Your Cold Weather Golf Survival Guide

As temperatures dip to the low 40s (or lower) in some areas of the country, those best prepared for the less-than-balmy conditions have a chance to be 1 up on the first tee, perhaps more. So as golfers in the Northeast and Midwest get ready for their annual Turkey Shoots, there are a few things you should know about how to prepare and gain your own advantage.

Remember: Balls don’t travel as far in the cold

Cold air is denser than warm air and creates additional drag on a ball. According to the people at Trackman, the difference is approximately one yard of carry for every 10-degree change in temperature. So theoretically, you’re looking at a loss of four yards if you’re playing in 40 degrees as opposed to 80 degrees. Other factors—such as how the body reacts to the cold—can further impact distance. The takeaway: When playing fall or winter golf plan for at least an extra half club, and if your swing is restricted by being fully bundled up, it might even be a full club.

Marcelo Endelli

Warming golf balls can be against the rules. It’s also useless.

As for trying to keep golf balls warm, don’t bother. For starters, Rule 14-3/13.5 prohibits warming a golf ball during the round. Warming up golf balls beforehand is not prohibited, but there is a reason for that—it doesn’t work. Several years ago, Golf Laboratories performed a test that showed you could not get a ball warm enough to have any impact because the ball almost instantly adopts to the outside temperatures.


When it comes to clothing, choose wisely

As for clothing, forget cotton (its breathability is a bonus in the summer but also lets in cold air when chilly). Like your mother told you when you were young, it’s all about layering. A turtleneck-like polyester base layer designed to keep out the cold is a must, topped by loose fitting shirts or pullovers. Finally a moisture-wicking shirt or jacket of some kind is preferable. On bottom, typical long pants covered by rain paints will keep the cold at bay while also allowing for easy removal if things heat up.

Keep the head and the hands warm

A wool ski cap is preferred over a baseball cap (have to keep those ears warm and since heat escapes from the head, this type of headwear is preferable). On the hands winter gloves designed especially for golf or, at worse, rain gloves, will provide a slightly better grip and more warmth than a standard golf glove. Plus, they come in pairs.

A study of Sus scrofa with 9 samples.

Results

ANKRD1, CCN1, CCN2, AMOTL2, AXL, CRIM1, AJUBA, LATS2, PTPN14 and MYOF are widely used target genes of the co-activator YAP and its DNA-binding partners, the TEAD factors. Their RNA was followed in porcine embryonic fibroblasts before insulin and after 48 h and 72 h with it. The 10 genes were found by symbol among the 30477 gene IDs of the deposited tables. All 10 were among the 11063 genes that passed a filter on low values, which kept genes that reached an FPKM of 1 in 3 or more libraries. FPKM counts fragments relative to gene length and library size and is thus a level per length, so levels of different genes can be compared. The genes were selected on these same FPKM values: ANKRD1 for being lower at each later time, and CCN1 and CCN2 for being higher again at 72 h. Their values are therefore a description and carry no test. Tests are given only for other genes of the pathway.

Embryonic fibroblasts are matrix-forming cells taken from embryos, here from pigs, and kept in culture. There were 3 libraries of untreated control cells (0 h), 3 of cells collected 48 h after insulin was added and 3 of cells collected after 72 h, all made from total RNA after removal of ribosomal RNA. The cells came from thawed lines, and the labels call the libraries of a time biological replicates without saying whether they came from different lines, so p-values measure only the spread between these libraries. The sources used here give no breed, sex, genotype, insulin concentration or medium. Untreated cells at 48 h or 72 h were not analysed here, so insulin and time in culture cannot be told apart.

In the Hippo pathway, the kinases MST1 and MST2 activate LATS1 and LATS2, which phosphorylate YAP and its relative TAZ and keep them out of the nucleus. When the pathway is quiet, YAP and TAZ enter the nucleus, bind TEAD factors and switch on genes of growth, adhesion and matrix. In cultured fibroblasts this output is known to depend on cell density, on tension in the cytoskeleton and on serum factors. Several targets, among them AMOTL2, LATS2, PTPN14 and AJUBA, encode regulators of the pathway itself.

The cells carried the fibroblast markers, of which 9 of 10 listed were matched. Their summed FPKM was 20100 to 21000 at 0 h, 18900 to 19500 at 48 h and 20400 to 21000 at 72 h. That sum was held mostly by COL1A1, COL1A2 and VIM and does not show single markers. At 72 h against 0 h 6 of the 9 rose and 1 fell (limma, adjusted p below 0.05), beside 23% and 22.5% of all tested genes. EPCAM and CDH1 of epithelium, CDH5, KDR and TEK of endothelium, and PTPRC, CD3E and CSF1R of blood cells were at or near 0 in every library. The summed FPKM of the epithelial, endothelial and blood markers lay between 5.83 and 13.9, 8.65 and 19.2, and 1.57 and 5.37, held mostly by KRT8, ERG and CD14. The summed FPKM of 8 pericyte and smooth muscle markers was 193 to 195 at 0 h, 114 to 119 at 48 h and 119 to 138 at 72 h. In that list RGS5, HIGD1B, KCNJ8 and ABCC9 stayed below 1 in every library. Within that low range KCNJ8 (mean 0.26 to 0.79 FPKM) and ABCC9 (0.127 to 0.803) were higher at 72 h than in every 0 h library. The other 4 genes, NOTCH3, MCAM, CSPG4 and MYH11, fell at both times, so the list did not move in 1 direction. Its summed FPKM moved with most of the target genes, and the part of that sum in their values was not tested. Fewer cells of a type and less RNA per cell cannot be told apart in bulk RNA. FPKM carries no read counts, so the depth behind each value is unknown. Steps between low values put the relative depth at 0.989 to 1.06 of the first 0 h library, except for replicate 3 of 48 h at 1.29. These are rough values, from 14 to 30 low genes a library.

Booze does not equal warmth

OK, we’ve all seen the fans at NFL games getting all fired up by a few pops while tailgating and then seemingly being impervious to the cold, bare chests and all. Forget it. While alcohol might seem like it would warm you (and a lovely Irish coffee or Bailey’s and coffee on a cold day just seems like such a great idea), fact is that drinking will lower your body temperature. I could dive into it, but this article provides pretty damning evidence against bringing a thermos filled with Stingers, or anything else, for that matter. Read more about drinking when it is cold here.

Don’t leave your clubs in the car.

For starters, your hands will be cold enough without gripping a grip that feels like an ice cube. Leaving clubs in your car can also lead to damage. The grips can get cold and get slick or cracked if the temperatures get too extreme and steel shafts do not react well at all to the cold. The reason is what is known as the coefficient of thermal expansion. Although it would take a college semester to fully understand this, the bumper sticker version is that materials expand or contract depending on the temperature, thus affecting their properties. Regarding shafts, graphite should be less affected than steel by cold weather. “It’s why you see more aircraft and space shuttles, etc., using composite materials instead of steel or even titanium. It is less affected by changes in temperature,” one shaftmaker told Golf Digest a few years ago. And now, armed with all this information, you should be less affected by the cold as well.